By the year 2020, sales people are going to need to learn to be consultants, build their online brand, and more if they want to avoid becoming obsolete.
Maybe we won’t be riding around on hovercrafts or living on the moon by the year 2020, but some things are definitely going to change.
The business world as we know it, and the sales industry in particular, are both in for some drastic changes in the years to come. According to Forrester Research, in less than four years from now, one million business-to-business sales roles will become unnecessary, and thus, will disappear. That equates to approximately one quarter of sales jobs.
As a sales person, your job will be in danger if you don’t update your skills and talents to match the needs of tomorrow.
Here are five skills that you’re going to need in order to ensure that your job doesn’t become obsolete by the year 2020. If you don’t want to become irrelevant, start practicing these skills now and future-proof your job.
By 2020, sales people will need to learn how to see the bigger picture when selling. Buyers aren’t going to want to hear your presentation about functionalities and capabilities. They won’t need you to tell them how your products work or how much they cost. They’ll already know all this through online research.
Your role as a sales person will change to that of a consultant. It’s going to be more important than ever for you to offer advice, recommendations, and expertise that will help buyers better understand how your product will help them meet their goals or solve their problems. You’ll need to figure out how your offerings fit into the buyer’s individual goals as well as their overall business strategy.
Having a successful and reputable online brand will mean the difference between winning and losing sales in 2020. Buyers are far more likely to engage with sales people who have showcased your talents, skills, experience, and expertise online for all to see. Buyers want to engage with subject-matter experts and thought leaders. They want to know that you know your stuff. This is how they’ll decide if they trust you, if you’re credible, and if they want to buy from you.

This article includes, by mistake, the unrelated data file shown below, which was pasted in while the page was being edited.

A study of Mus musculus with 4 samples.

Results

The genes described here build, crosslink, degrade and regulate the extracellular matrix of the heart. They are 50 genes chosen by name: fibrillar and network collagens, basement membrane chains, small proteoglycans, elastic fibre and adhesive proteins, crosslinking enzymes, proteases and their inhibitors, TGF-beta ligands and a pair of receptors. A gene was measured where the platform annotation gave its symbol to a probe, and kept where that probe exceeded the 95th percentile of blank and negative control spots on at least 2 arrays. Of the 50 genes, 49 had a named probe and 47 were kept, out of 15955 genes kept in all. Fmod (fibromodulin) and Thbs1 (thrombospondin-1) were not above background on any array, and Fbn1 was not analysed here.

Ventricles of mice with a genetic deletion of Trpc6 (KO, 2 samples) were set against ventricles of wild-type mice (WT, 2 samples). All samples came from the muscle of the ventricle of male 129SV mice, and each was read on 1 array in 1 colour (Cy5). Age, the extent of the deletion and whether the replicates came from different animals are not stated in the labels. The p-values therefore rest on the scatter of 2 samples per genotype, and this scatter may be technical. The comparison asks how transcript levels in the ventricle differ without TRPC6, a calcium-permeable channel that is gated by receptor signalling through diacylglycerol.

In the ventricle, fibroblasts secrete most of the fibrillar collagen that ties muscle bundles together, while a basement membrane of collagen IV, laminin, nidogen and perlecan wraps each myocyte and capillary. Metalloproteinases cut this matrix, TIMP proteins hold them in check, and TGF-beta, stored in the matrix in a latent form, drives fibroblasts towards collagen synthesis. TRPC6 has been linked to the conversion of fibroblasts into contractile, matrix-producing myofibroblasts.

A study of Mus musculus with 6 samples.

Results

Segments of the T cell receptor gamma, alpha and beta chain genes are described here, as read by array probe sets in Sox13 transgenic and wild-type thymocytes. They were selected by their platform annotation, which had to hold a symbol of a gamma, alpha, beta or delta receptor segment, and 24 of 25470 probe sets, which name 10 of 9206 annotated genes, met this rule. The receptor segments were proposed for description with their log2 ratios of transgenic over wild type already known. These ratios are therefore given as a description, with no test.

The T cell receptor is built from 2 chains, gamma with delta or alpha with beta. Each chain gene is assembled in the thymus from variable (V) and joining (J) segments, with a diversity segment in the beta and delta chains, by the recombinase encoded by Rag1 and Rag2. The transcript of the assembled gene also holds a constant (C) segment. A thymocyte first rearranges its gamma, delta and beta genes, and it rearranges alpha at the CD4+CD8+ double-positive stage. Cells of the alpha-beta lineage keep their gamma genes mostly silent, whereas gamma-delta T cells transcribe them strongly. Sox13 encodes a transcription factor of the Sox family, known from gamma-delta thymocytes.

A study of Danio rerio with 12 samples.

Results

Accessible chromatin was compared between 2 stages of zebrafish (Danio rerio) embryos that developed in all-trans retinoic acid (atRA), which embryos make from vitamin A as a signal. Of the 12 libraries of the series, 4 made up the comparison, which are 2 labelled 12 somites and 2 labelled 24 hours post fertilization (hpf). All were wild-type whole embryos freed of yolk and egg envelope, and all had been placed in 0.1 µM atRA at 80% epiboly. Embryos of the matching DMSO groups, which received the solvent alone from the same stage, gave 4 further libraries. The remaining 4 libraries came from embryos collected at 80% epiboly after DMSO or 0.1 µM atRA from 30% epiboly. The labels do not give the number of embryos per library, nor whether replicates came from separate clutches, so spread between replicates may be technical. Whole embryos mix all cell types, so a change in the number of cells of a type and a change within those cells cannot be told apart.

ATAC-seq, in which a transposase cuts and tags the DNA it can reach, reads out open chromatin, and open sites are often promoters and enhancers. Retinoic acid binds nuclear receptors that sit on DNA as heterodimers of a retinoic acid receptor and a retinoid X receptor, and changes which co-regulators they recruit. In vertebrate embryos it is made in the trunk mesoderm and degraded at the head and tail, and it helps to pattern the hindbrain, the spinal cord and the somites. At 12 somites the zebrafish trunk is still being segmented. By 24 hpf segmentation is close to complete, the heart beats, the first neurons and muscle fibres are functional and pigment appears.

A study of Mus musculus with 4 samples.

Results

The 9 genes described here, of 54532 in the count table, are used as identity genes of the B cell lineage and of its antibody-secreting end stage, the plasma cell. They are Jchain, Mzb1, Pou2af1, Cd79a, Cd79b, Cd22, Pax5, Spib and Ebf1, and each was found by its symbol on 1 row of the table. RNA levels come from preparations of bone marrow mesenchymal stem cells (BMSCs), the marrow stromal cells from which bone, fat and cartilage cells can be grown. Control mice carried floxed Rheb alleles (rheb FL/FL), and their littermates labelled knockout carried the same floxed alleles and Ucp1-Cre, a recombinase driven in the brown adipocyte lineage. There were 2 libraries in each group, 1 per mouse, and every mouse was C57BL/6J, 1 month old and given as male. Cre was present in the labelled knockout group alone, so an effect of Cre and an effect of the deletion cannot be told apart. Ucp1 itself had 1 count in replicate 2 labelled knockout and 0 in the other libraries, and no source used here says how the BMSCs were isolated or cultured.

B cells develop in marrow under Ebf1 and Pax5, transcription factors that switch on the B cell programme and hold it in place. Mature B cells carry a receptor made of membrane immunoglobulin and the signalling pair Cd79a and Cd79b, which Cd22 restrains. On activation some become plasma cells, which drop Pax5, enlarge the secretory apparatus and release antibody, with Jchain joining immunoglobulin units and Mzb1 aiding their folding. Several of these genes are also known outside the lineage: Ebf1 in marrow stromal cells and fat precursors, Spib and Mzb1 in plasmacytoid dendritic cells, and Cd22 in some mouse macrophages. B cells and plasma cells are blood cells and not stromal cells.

So start a blog, build a strong social media presence and become a social selling pro, and share your expertise with the online world.
Buyers are already going through much of the sales cycle on their own. They’re going online to research, to gain knowledge, and to learn more in order to make more informed purchasing decisions. As time goes by, they’ll be consuming even more content, but not all of that content will be created equally.
Buyers might consume content that isn’t reliable or credible—coming from subpar sources. As a result, they’ll be misinformed, and it’ll be up to sales people to de-educate them as their trusted advisors.
You’ll need to learn how to figure out where a buyer’s knowledge is faulty and know how to set the record straight.
To sell in 2020, you’re going to need to go straight to the buyer’s pain points. You’ll need to know what they really want, need, and desire. You’re going to need to understand their unique obstacles, challenges, problems, and opportunities to sell the right products and services at the right time.
Though buyers will be able to get a vast amount of content online, no infographic, whitepaper, or how-to video will be able to diagnose the buyer’s pain points. Sales people who want to stay relevant in 2020 will have to learn to ask better questions that get to the heart of the buyer’s issue, so you can make the best recommendations and truly meet their needs.
You might have gone this long without having to be too techy, but in 2020, you’re going to need to understand data. Sales people won’t be able to use their gut feeling to sell anymore.
You’ll need to combine these instincts with data-driven insights and knowledge. You already have access to lead intelligence and a wealth of other types of data that you can use to your advantage—so start learning how to use it.
Claire is a Western University graduate with a background in recruiting, sales and customer service. As a Director, Client Services her goals are to place the best people in the right roles resulting in satisfaction for both the candidate and client.